Appeals & Response Plans
Headlines (last 30 days)
- Save the Children: At least 25 children hospitalised after Ghazni car bomb attack in Afghanistan. 10 Jul 2019
- UNICEF: Two million Afghan children cannot reach their full potential due to undernutrition. 2 Jul 2019
- UNICEF: Scores of children among casualties in Kabul attack - UNICEF. 1 Jul 2019
Most read reports
- Save the Children: At least 25 children hospitalised after Ghazni car bomb attack. 10 Jul 2019
- UNAMA: Youth underscores their key role in preventing violent extremism during UN-backed event. 23 Jul 2019
- OCHA: Afghanistan Humanitarian Bulletin Issue 81 | 1 April–30 June 2019. 22 Jul 2019
- GPEI: Polio this week as of 17 July 2019. 19 Jul 2019
- USAID: USAID Launches National Agricultural Education Conference [EN/Dari]. 17 Jul 2019
A Message From Deputy Assistant Secretary Marik String
"This 17th Edition of To Walk the Earth In Safety summarizes the United States' CWD programs in 2017. CWD assistance provides the United States with a powerful and flexible tool to help partner countries manage their stockpiles of munitions, destroy excess small arms and light weapons (SA/LW) and clear explosive hazards such as landmines, improvised explosive devices (IEDs), and UXO. Our assistance also helps countries destroy or enhance security of their man-portable air defense systems (MANPADS) and their threat to civilian aviation, in addition to other weapons and munitions.
RESULTS AT A GLANCE, FY 2008
- The United States obligated more than $1 billion in support of water and sanitation
- More than $815 million was obligated to improve access to safe drinking water and sanitation and promote hygiene in 95 countries worldwide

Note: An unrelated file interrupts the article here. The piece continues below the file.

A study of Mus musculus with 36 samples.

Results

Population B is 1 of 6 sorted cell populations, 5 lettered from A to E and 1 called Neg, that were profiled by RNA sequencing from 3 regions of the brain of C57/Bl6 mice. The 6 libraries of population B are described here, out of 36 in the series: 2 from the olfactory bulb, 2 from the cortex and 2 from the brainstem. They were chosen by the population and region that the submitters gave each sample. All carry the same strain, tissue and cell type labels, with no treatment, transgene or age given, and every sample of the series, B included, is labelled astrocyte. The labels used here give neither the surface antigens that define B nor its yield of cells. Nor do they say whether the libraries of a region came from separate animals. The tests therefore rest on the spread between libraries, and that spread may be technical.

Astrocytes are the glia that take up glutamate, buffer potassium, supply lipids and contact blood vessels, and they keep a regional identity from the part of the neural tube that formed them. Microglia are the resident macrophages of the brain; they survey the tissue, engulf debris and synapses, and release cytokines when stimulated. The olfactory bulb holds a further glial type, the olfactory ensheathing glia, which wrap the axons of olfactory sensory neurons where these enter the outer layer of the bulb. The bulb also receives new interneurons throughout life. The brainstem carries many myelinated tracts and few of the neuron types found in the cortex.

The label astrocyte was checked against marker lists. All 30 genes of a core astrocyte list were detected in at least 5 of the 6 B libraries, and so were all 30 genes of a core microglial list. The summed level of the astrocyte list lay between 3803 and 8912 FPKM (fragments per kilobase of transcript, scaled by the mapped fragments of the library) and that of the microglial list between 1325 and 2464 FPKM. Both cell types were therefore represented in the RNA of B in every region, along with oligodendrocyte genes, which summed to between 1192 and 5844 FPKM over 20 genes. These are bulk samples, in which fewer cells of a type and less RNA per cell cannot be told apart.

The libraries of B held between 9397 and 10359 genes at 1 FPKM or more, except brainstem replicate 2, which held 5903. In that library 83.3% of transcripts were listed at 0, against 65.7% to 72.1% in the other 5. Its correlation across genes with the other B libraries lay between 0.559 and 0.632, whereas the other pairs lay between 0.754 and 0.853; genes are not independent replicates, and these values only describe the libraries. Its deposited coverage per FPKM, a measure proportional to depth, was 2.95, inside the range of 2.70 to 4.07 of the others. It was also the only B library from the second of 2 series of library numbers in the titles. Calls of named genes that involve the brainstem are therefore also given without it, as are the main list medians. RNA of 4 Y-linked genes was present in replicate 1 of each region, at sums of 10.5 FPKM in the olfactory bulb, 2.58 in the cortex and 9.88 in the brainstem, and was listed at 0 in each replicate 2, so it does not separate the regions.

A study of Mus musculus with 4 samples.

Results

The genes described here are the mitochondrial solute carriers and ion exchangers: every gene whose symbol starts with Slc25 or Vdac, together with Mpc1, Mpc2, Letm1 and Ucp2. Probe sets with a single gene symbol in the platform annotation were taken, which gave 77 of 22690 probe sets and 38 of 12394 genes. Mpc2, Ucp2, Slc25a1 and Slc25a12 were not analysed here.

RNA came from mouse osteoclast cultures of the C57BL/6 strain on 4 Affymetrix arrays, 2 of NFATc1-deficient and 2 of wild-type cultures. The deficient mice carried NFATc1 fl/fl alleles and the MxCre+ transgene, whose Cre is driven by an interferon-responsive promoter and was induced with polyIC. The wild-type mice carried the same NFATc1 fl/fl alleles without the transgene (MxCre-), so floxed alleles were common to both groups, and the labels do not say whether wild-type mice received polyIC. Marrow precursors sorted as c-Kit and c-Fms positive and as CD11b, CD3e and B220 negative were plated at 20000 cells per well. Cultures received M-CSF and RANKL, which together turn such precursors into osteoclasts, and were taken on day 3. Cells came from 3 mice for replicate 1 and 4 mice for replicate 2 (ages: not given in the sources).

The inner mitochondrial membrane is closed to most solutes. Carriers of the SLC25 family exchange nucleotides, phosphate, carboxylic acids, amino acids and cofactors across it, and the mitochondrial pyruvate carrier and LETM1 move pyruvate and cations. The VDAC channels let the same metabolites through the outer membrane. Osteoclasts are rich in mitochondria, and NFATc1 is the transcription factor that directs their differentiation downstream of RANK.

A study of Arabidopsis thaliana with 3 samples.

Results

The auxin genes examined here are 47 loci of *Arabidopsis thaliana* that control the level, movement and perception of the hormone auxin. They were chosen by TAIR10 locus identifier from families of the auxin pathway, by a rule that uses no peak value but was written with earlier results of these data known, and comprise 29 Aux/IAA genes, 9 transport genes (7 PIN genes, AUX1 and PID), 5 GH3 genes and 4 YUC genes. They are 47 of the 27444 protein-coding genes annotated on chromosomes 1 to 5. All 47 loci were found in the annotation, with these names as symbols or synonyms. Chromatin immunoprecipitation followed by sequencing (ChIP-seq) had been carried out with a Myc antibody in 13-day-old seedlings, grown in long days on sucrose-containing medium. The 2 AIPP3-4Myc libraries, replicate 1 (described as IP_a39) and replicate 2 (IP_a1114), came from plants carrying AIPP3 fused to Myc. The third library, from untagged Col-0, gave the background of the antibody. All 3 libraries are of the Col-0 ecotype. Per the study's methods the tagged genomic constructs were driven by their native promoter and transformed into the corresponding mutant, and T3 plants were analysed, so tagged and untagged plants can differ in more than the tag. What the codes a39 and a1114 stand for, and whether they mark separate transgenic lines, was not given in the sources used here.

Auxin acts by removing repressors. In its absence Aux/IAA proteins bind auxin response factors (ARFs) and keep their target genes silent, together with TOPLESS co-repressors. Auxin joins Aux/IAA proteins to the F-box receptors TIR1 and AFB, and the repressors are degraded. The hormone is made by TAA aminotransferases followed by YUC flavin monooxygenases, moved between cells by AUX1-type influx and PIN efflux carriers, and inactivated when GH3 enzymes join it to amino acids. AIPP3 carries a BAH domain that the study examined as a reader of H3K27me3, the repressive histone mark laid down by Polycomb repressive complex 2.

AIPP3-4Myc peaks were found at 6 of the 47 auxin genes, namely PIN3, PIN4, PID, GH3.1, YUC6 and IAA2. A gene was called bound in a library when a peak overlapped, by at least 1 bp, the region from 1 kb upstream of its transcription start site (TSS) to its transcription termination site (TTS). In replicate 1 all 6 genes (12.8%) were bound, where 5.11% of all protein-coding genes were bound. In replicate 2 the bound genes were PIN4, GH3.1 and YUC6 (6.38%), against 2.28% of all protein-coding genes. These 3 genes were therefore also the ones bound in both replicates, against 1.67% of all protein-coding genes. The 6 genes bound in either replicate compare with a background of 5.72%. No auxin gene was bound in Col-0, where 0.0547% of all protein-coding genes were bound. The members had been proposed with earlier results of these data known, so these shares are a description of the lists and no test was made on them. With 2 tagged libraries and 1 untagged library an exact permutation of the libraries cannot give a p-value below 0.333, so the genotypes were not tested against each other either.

- Investments in all water and sanitation activities in Sub-Saharan Africa reached more than $648 million
- USAID's drinking water and sanitation for 7.7 million and 6.3 million people, respectively
The Senator Paul Simon Water for the Poor Act of 2005 (the WfP Act) was signed into law on December …
2008 was a year of major humanitarian challenges. Natural disasters such as Cyclone Nargis in Myanmar, the devastating earthquake in China, flooding in India and Brazil or the hurricanes in the Caribbean once again highlighted the dangers of the unbridled forces of nature. In the complex political crises in Africa, as well as in Afghanistan and Iraq, unresolved conflicts made it impossible to improve the precarious humanitarian situation of people living there.
The Internal Displacement Monitoring Centre (IDMC) of the Norwegian Refugee Council is pleased to present its yearly Global Overview on trends and developments with regard to conflict-induced internal displacement.
The Global Overview provides an analysis of the world-wide internal displacement crisis, reflecting developments in 2006.
Emergencies, in the form of natural disasters and new or protracted conflict, continued to extract a toll on the lives of children and women around the world. Massive flooding in the Horn of Africa and the multiple typhoons in South Asia were typical of the ever more frequent occurrence of floods, typhoons and earthquakes that have affected thousands of families in 2006. While in Afghanistan, Democratic Republic of the Congo (DRC), the occupied Palestinian territory, Sri Lanka and the Sudan, women and children continue to be impacted by the reverberating crossfire of conflict.
Les situations d'urgence, qu'elles prennent la forme de catastrophes naturelles ou de conflits, continuent d'avoir des conséquences dramatiques sur la vie des enfants et des femmes dans le monde. Les inondations massives dans la Corne de l'Afrique et les nombreux typhons en Asie du Sud illustrent la multiplication sans précédent des catastrophes naturelles qui ont touché des milliers de familles en 2006.
This document outlines the global operational priorities identified by the ICRC in 2006. It is based on the yearly internal review and planning process conducted primarily by the 80 field delegations and missions.